This month, SoundScan released year-end figures showing album sales increased 4 percent in 2000 from the previous year, to an all-time high of 785.1 million units. It was the best year in the industrys history.
Free-music lovers uttered cries of disbelief. They cited this as evidence that the recording industry was horribly, possibly immorally, misguided in its plot to strangle poor little Napster. "Where are the CD sales that have been lost to Napster?" they screamed. "Napster is actually good for the record industry if they werent too stupid to see it. But instead of embracing this great marketing tool, theyre just cheesing off their loyal fans."
Napster is playing to this line of thinking masterfully. It doesnt talk about pirating files anymore. Now its position is: Sample music on Napster, then buy the CD. The latest version of its file-filching software has a button linking to CDnow Online, the online retailer owned by Bertelsmann.
Through this whole imbroglio, music industry executives have been demonized as shortsighted, greedy little green-faced golems, jealously guarding their stash of ill-gotten musical gems. They dont "get" the Internet.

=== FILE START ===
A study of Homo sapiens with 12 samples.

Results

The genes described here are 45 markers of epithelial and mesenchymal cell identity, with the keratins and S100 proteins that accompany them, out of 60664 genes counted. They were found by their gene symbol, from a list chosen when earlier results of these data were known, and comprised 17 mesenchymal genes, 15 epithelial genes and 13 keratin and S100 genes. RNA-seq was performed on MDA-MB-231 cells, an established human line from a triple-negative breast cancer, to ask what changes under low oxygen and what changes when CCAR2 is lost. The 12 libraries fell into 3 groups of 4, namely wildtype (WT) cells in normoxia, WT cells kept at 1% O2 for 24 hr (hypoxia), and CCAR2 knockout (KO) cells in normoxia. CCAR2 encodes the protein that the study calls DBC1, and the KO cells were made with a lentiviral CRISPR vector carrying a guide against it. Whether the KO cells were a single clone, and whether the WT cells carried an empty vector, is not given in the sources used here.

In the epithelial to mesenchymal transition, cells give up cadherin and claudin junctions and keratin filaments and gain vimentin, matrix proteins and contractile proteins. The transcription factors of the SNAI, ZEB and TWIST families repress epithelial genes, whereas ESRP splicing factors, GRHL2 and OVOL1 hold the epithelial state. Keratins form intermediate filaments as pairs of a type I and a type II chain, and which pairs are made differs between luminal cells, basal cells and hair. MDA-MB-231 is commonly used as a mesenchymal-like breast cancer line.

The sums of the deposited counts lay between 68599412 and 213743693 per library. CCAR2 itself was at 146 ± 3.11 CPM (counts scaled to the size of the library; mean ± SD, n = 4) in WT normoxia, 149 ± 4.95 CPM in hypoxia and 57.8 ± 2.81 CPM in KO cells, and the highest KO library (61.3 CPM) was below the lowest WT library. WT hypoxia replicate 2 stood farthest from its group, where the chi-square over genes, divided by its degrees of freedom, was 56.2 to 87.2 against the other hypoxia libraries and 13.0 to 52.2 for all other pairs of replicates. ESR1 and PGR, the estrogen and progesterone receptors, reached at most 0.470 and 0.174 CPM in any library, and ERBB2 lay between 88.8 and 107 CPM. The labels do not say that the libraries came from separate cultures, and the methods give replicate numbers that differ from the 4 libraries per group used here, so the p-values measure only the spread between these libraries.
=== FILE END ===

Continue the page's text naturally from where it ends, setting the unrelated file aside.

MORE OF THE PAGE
But its the recording industry that has the long-range vision. Music companies see a day when digital music players are as ubiquitous as CD players. Once that happens, CD sales will sink if every song ever recorded is available for free on the Internet.
Recently, I downloaded U2s new album in its entirety from Napster, which I burned onto a CD. Whats to persuade me to purchase the actual shrink-wrapped disc? Liner notes? Not really. A guilty conscience? Yeah, sure.
So heres the rough sketch of Shawn Fannings business model: Please, folks, be kind enough to leave something in the tip jar on your way out. That would be totally cool.